California’s geographical diversity makes it a magnet for bird watchers, from quiet coniferous forests to expansive desert, fertile river delta to volcanic mountains and rugged coast. Despite the state’s population density, there is a very good selection of protected areas, including national parks, state parks and national wildlife refuges, where birders can spot an equally diverse list of bird species within convenient reach of major urban centers.

Keep in mind that many areas are greatly effected by the seasonal influx of migratory birds, like Yosemite National Park or the Sacramento-San Joaquin Delta. One of the best places to see bird rarities is Andrew Molera State Park in Big Sur, a meeting place for bird species from the northern and southern biological regions. Even a stone’s throw from the very metropolitan Bay Area, bird watchers can enjoy a productive interlude exploring Bodega Bay or the Don Edwards San Francisco Bay National Wildlife Refuge; similarly, out of San Diego it’s an easy escape to Tijuana Slough National Wildlife Refuge, which hosts several endangered species.

Yosemite National Park:
This designated Important Bird Area (IBA) shelters at least 165 migrating, breeding and wintering bird species as well as more than 90 others classified as vagrant or transient. Commonly sighted residents in this diverse national park include the American Robin, Acorn Woodpecker, Red-winged Blackbird and Mountain Chickadee. Less frequently spotted are the Northern Goshawk, Peregrine Falcon, Great Gray Owl and Pileated Woodpecker.

Joshua Tree National Park:
Many desert birds make a home in this arid region, but in addition to resident Greater Roadrunners, mockingbirds, Cactus Wrens, Gambel’s Quail and Le Conte’s Thrashers, look for migrating Dark-eyed Juncos, Cedar Waxwings, and the Hermit Thrush in winter or the Ash-throated Flycatcher, Western Kingbird and Western Bluebird in summer. Watch also for migrating birds of prey, including hawks, falcons and Osprey, as well as transient warblers, Western Tanagers and Black-headed Grosbeaks.

Lassen Volcanic National Park:
Lassen’s location at the southern end of the volcanic Cascade Range, north of the Sierra Nevada and west of a high desert plateau brings in bird species from all three geographical regions. For good bird variety, try lower-elevation birding sites like Butte or Manzanita, which play host to summer residents and migratory birds in season.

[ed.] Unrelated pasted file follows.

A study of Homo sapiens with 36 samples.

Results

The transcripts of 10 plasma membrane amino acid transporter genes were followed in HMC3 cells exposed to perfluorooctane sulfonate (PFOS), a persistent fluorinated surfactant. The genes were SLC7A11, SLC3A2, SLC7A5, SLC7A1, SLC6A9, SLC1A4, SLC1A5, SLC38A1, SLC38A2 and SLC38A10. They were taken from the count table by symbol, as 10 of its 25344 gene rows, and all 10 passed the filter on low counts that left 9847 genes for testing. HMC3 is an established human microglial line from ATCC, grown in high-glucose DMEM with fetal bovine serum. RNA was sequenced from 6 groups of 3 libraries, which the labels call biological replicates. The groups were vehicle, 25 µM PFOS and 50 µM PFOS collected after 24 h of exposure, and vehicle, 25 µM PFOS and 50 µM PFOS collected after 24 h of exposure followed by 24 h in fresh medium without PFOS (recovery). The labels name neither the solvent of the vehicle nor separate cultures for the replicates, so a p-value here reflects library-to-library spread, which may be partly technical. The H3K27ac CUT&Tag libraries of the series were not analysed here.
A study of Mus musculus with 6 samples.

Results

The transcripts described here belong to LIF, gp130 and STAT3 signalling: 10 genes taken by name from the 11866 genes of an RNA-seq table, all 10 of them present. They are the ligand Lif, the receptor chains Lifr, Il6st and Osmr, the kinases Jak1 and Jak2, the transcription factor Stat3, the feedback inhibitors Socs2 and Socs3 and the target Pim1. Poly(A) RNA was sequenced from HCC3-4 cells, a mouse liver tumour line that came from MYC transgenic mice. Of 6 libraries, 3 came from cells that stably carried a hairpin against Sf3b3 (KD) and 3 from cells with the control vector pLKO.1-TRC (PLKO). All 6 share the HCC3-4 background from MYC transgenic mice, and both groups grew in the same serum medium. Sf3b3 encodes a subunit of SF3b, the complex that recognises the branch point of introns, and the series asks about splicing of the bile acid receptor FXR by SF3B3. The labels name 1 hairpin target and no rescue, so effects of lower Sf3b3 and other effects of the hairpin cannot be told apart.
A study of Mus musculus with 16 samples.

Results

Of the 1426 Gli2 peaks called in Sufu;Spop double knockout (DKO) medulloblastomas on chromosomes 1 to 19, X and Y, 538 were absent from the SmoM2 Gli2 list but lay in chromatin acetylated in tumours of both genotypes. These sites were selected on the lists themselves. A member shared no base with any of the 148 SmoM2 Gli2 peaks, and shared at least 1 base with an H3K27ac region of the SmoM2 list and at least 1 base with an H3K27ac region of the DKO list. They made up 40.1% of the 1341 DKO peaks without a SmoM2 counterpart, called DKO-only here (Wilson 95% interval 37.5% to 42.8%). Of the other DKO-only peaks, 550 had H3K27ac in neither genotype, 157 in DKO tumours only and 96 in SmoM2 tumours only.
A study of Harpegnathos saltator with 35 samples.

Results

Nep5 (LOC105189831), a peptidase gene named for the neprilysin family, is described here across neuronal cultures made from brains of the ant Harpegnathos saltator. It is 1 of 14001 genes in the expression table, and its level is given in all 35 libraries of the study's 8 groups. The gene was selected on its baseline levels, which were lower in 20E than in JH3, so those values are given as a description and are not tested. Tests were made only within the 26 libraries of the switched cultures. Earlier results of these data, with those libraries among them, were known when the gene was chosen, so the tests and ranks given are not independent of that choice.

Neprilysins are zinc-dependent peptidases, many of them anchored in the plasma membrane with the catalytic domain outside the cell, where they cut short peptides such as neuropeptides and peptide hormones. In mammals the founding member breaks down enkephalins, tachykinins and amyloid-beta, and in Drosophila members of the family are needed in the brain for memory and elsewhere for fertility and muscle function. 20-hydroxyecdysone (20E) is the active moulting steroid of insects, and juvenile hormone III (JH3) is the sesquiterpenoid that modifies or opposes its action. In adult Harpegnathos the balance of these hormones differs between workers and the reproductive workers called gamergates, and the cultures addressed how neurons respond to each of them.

Andrew Molera State Park (Big Sur):
Set south of Monterey, this state park, which ranges from ocean waters to river’s mouth and mountains inland, shelters at least 379 bird species, including a number of rarities. The Big Sur Ornithology Lab (BSOL) is also located in the park, and monitors the diverse mix of fowl at this meeting point for northern and southern biogeographical regions. Look for Winter Wrens and Rufous-crowned Sparrows, Harlequin Ducks and Blackpoll Warblers - even condors -amongst other species.

Sacramento-San Joaquin Delta:
Wintering birds flock to this delta, which takes in riverine islets and many acres of agricultural land, often flooded. Expect more than 150 species here early winter, from the Tundra Swan and Sandhill Crane to Swainson’s Hawk, with limited numbers of Blue Grosbeak, Long-eared Owl and Yellow-breasted Chat.

Bodega Bay:
For rare bird sightings in Sonoma County, Bodega Bay is the leading contender. In addition to the usual coastal suspects like loons, Western Gulls and pelicans, keep an eye out also in early fall for Baird Sandpipers and rare Eastern migrating landbirds as well as the Rufous Hummingbird around Christmas Count. Try specifically “Hole-in-the-Head” or “Owl Canyon” if you’re having trouble at Spud Point or Doran Regional Park.

Don Edwards San Francisco Bay National Wildlife Refuge:
This 30,000-acre urban wildlife refuge provides shelter for more than 280 bird species over the course of an average year between open bay, mudflats, salt marsh, vernal pool and upland habitats. The refuge is particularly busy when migratory waterfowl and shorebirds pass through in spring and fall. Look also for the endangered California Clapper Rail, flittering Barn Swallows and the Burrowing Owl.

Tijuana Slough National Wildlife Refuge (San Diego NWR Complex):
Endangered species like the California Least Tern, the Least Bell’s Vireo, Light-footed Clapper Rail and the California Brown Pelican (which has been recently delisted) can be spotted in this 1051 acre refuge, as can the Western Snowy Plover (threatened), which nests on the beaches. Habitat ranges here from tidal salt marsh and upland to open water and riparian.